County aims to retain firms

`Inc. link' program, campaigns focus on businesses, industries

August 27, 2006|By Laura McCandlish | Laura McCandlish,Sun reporter

Increasing Carroll County's commercial and industrial assessable tax base - the lowest among all the metropolitan Baltimore counties - dominates campaign literature and speeches from the county's candidates for commissioner and state legislature.

Only 11.6 percent of Carroll's property is designated industrial - less than the state industrial base average of 16.9 percent and the fifth lowest among the state's counties, according to last year's figures.

In the early 1990s, Carroll's business base was about 16 percent. As residential growth soared, that number dropped, officials said.

"There are challenges, but we are stepping up to the plate with a lot of novel programs," Steven D. Powell, chief of staff to the county commissioners, said during a recent Cabinet meeting.

In that vein, the county's Department of Economic Development launched a business retention program last week. The county has purchased a new software program, dubbed "Inc. link," to manage contacts with existing businesses and help recruit new ones.

Purchased for $14,000 from Erie, Pa.-based Executive Pulse Inc., the program costs $1,000 a year to use, said Denise Beaver, the county's deputy economic development director.

While contacts with Carroll's top 100 businesses was once managed partially on paper, the new program automates all the data. Partner agencies - Carroll Community College, the county health department, the Carroll Technology Council - will all interact through the software.

It produces specific reports, grouping companies based on the number of employees, industry, labor relations, downsizing risks, etc. But all the company data remains confidential, county officials said.

"We're trying to make our services more responsive to foster a business climate and business growth," said Lawrence Twele, director of economic development. "This helps us to do it better, smarter, faster."

Rising residential assessments have further reduced the county's percentage of industrial base, masking any business growth, officials said.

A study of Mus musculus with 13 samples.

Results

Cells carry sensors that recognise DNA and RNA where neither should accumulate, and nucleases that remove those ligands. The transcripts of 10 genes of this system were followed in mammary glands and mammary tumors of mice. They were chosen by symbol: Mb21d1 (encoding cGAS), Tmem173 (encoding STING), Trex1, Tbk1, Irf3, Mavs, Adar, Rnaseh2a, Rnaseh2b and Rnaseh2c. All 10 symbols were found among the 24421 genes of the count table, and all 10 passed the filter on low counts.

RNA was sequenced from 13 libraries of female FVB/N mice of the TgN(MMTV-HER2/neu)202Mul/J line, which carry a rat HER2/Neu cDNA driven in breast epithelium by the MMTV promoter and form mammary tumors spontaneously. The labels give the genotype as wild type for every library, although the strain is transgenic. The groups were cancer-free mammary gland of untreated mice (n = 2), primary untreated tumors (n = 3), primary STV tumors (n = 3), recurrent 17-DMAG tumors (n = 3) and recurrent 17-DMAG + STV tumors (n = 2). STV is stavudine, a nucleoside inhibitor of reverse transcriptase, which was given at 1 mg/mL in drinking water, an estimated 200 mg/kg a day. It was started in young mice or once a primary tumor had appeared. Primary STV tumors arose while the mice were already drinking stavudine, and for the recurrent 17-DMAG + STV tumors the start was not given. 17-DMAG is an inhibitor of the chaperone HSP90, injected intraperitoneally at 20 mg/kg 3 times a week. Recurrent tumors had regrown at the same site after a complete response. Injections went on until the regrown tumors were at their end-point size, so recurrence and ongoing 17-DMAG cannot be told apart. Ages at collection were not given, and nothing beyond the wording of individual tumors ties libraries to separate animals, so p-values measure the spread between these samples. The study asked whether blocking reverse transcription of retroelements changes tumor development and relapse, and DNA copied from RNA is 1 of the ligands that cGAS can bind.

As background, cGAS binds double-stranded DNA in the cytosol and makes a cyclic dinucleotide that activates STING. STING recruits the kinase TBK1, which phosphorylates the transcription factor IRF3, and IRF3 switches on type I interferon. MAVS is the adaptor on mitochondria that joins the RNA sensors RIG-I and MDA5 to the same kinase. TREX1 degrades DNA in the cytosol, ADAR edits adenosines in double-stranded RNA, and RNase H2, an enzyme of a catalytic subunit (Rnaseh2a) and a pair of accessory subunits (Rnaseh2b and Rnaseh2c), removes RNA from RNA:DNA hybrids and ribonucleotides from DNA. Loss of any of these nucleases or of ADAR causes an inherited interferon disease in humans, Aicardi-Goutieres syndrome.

"For a number of years, it was around 12 percent," said Ted Zaleski, county director of management and budget. "Businesses absolutely were added, but you're chasing a moving target. If the residential portion was standing still, it would be a whole lot easier to change the percentage."

Among the commissioner candidates, Republican Doug Howard has called for increasing the business tax base to 15 percent in 10 years.

In a video on his Web site, www.doughowardforcarroll .com, Howard said he would commission a work force study to determine what industries draw Carroll's many commuting residents.

Then, he said he would lure those industries - like information technology - to new office parks and employment campuses in the county.

"Where do we need to be in 10 years?" asked Howard, who helps bring small businesses to the county through Start-Up Carroll. "Slow growth is the first step, but we have to bring in economic development behind it, or we don't really catch up."

Increasing Carroll's industrial base to 15 percent would require 900 additional acres for business use, county officials said. Residential growth would have to halt, as home assessments remained at a standstill, Powell said.

"We'd truly have to put the brakes on all residential growth," he said.

In promoting the "Inc. link" program, the county's economic development office will introduce the Executive Pulse software to business service partners in a training session Tuesday morning.

Washington, Allegany and Garrett counties already use the software to network with local businesses, officials said.